Government plans new law after FX ruling


Hungary’s governing party Fidesz will protect borrowers by submitting legislation to phase out FX mortgages, in response to the Curia (supreme court) decision on FX mortgage loans yesterday, according to parliamentary group leader Antal Rogán.

Rogán suggested that the new legislation would completely shelter Hungarian borrowers from fluctuations in the foreign exchange rate by forcing banks to bear the cost of these fluctuations. "The main principle is that borrowers should get back everything that banks unfairly took from them," he reportedly told a press conference.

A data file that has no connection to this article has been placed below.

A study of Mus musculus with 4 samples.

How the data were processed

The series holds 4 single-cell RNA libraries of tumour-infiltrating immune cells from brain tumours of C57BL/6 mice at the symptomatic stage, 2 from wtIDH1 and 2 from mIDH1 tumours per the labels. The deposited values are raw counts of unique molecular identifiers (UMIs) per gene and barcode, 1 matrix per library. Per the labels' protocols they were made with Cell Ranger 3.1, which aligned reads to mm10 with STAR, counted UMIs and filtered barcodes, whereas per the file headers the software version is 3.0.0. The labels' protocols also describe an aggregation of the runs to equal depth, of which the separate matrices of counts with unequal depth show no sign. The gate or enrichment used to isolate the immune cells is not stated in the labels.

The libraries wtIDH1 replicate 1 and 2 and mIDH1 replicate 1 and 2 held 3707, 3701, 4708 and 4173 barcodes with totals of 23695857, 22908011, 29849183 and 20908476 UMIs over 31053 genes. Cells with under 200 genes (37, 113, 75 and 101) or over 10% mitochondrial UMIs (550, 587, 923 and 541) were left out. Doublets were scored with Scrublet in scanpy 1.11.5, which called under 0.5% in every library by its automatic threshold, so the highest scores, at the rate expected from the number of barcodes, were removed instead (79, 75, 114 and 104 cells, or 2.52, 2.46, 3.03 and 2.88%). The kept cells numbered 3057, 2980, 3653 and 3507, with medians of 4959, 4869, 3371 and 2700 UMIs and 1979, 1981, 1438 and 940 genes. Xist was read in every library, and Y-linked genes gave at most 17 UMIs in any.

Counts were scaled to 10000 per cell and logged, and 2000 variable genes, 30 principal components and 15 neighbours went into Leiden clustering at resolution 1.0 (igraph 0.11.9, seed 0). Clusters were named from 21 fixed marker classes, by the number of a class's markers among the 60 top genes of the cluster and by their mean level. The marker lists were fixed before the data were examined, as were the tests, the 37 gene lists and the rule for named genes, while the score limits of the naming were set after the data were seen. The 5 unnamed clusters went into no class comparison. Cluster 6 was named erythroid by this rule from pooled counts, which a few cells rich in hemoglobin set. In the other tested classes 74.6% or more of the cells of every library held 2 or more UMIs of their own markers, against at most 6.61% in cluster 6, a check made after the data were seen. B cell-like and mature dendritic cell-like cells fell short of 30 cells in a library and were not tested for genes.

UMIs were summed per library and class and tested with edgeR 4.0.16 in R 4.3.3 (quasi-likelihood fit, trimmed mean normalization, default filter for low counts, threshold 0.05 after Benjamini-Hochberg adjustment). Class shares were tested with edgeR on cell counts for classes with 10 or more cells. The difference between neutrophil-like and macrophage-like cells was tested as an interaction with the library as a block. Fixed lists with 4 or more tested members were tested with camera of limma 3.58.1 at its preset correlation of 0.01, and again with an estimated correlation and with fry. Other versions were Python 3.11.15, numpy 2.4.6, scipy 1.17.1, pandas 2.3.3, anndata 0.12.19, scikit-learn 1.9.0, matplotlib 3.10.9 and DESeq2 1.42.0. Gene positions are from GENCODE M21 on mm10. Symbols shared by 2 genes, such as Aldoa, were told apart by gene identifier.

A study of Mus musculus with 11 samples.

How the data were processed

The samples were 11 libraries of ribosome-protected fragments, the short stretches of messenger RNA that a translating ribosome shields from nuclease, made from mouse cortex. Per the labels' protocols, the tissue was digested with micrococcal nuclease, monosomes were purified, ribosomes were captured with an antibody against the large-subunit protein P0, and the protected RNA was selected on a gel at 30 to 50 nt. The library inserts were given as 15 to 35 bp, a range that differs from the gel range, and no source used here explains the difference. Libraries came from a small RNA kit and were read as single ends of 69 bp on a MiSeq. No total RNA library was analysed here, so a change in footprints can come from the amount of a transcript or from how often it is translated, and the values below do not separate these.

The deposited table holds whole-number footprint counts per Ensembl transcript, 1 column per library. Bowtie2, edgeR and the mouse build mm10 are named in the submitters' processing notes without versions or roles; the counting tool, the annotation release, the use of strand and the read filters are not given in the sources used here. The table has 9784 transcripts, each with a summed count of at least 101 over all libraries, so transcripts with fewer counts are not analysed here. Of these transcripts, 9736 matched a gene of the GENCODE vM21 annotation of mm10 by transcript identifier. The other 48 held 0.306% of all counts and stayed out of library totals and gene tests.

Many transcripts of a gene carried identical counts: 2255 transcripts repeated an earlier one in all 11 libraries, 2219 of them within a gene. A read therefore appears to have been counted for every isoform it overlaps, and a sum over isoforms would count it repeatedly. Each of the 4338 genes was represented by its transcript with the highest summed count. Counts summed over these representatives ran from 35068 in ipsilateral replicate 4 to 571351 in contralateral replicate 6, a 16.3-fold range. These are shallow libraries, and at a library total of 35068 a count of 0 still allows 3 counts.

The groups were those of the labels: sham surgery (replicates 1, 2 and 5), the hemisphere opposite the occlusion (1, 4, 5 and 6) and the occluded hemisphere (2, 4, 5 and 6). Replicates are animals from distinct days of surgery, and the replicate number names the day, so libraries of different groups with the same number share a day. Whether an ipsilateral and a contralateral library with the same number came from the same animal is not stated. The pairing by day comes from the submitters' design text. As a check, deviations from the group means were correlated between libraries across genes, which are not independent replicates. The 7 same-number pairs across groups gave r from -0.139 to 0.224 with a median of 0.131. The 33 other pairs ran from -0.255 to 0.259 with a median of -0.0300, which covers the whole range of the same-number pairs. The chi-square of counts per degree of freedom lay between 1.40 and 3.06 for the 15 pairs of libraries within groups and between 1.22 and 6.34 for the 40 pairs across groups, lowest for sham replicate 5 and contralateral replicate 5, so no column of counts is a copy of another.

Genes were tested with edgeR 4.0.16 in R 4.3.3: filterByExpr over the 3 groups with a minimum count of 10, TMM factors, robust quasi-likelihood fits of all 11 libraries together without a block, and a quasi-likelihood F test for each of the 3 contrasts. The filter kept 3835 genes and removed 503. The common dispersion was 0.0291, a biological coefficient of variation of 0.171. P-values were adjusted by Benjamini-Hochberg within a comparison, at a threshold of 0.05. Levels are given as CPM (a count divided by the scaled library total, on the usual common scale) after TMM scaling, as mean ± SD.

The legislation could end up shifting the cost of foreign exchange entirely onto the banks, forcing them to pay billions of forints to their customers. Ultimately, Rogán said, the law would eliminate foreign-denominated loans.

While foreign-denominated loans that adjust for exchange rate fluctuations are safer for banks to give out, they can be very painful for Hungarians to repay when the value of the forint drops dramatically against the euro or Swiss franc. The government passed a law requiring banks to pick up much of the burden of the exchange-rate fluctuations, but the Curia’s ruling yesterday means that banks are only liable for covering a small part of the losses caused by currency fluctuations.

Although yesterday/s decision means Hungarian banks OTP may have to repay HUF 50-100 bln to its borrowers, the decision could have been much more damaging to OTP and other banks. In fact, OTP shares rose after the decision.